Oil-rich emirate delays 7% renewable energy target by a decade amid Masdar slowdown
Abu Dhabi plans to generate 7 percent of its domestic power from renewable sources by 2030, a decade later than it originally expected, according to the head of Masdar, the emirate’s alternative energy company.
Chief executive officer Sultan Al Jaber identified the target as 2030, speaking to reporters today at the World Future Energy Summit in Abu Dhabi. At the same conference three years ago, Al Jaber specified 2020 as the date for reaching this goal.
He didn’t provide an explanation for the 10-year change in timing.
Masdar’s CEO also said today the company’s Shams 1 solar plant will be commissioned in the fourth quarter of this year. Frank Wouters, director of a company unit called Masdar Power, said on Nov 14 at a conference in Dubai that the 100-megawatt facility would start operating in the third quarter.
Abu Dhabi, the capital and largest emirate in the UAE, holds almost all of the country’s oil reserves and is expanding the use of solar and wind power in an effort to become a regional hub for renewable energy. Masdar - including Masdar City, a project to develop a residential and business district that would generate no carbon emissions - is a prominent part of the strategy.
The company cut nine percent of its workforce last year after an annual business review. In 2010, it said it would build Masdar City in stages and delayed the first phase by two years to 2015.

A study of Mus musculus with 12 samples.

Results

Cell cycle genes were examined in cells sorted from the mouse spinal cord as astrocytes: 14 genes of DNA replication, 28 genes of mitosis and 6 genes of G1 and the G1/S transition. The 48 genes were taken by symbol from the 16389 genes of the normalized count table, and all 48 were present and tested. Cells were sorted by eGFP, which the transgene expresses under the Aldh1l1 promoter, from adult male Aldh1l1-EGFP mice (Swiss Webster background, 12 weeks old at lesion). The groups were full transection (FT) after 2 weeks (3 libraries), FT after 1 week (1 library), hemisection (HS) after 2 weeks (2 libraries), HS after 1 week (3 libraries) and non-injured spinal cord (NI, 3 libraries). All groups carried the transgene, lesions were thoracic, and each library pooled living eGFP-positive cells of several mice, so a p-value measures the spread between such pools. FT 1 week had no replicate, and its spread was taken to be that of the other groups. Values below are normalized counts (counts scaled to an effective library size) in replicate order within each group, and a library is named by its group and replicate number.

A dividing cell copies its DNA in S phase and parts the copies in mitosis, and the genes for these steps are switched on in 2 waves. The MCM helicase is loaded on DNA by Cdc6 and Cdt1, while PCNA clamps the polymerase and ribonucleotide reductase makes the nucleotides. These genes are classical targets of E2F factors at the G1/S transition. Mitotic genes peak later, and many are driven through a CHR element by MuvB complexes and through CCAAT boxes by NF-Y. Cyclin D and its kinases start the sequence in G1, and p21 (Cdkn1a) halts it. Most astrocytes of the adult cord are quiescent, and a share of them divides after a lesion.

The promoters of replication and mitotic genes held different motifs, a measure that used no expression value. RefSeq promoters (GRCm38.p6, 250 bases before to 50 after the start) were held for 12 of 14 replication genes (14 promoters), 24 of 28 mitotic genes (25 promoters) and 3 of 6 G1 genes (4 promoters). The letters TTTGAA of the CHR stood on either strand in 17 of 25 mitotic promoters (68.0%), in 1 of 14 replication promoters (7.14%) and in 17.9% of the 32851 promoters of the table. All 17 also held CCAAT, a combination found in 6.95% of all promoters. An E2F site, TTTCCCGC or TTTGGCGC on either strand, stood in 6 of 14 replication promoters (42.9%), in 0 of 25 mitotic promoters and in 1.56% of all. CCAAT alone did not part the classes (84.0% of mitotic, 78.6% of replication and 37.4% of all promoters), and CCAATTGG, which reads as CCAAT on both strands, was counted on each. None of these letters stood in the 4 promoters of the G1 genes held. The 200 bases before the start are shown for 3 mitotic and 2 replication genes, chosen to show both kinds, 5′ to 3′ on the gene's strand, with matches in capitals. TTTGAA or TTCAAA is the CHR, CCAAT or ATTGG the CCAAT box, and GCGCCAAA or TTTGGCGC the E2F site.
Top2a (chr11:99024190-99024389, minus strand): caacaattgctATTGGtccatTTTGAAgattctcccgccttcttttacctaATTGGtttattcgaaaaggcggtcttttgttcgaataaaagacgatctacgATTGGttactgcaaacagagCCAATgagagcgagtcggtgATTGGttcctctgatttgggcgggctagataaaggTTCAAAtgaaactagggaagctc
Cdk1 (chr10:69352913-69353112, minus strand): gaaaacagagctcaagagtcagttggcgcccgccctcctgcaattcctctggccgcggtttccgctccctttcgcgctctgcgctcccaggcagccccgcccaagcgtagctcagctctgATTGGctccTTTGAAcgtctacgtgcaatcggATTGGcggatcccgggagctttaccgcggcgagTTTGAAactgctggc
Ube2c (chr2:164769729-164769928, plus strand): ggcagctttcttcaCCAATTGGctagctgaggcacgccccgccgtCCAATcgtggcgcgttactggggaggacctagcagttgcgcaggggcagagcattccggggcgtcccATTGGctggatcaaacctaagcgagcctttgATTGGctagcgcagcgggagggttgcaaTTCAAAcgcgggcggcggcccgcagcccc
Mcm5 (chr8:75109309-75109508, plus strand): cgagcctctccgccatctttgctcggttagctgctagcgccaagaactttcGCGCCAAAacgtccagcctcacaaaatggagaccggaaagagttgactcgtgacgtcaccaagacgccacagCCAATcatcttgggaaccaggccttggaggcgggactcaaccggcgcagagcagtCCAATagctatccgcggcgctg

The company stopped work this year on a planned headquarters building that would have been the world’s first to produce more energy than it consumes, saying it would examine a different design.
Al Jaber said the cost of developing the city hasn’t changed.
Masdar has set up joint ventures to invest in emission- reduction projects that will produce carbon credits that can be traded under the United Nations Clean Development Mechanism. Masdar’s investment funds have about $450m under management for spending on clean energy projects.
In addition to its 100-megawatt Shams 1 concentrated solar thermal unit, Masdar plans to build a 100-megawatt photovoltaic facility called Noor 1. The company also wants to build a 30- megawatt wind turbine.
The United Arab Emirates is investing in alternative energy as it seeks to free up more of its oil and gas reserves for export. The fifth-largest oil producer in the Organization of Petroleum Exporting Countries is developing solar and wind power and has built a research university as part of the Abu Dhabi government-backed renewable energy company Masdar. It is also the headquarters for the International Renewable Energy Agency.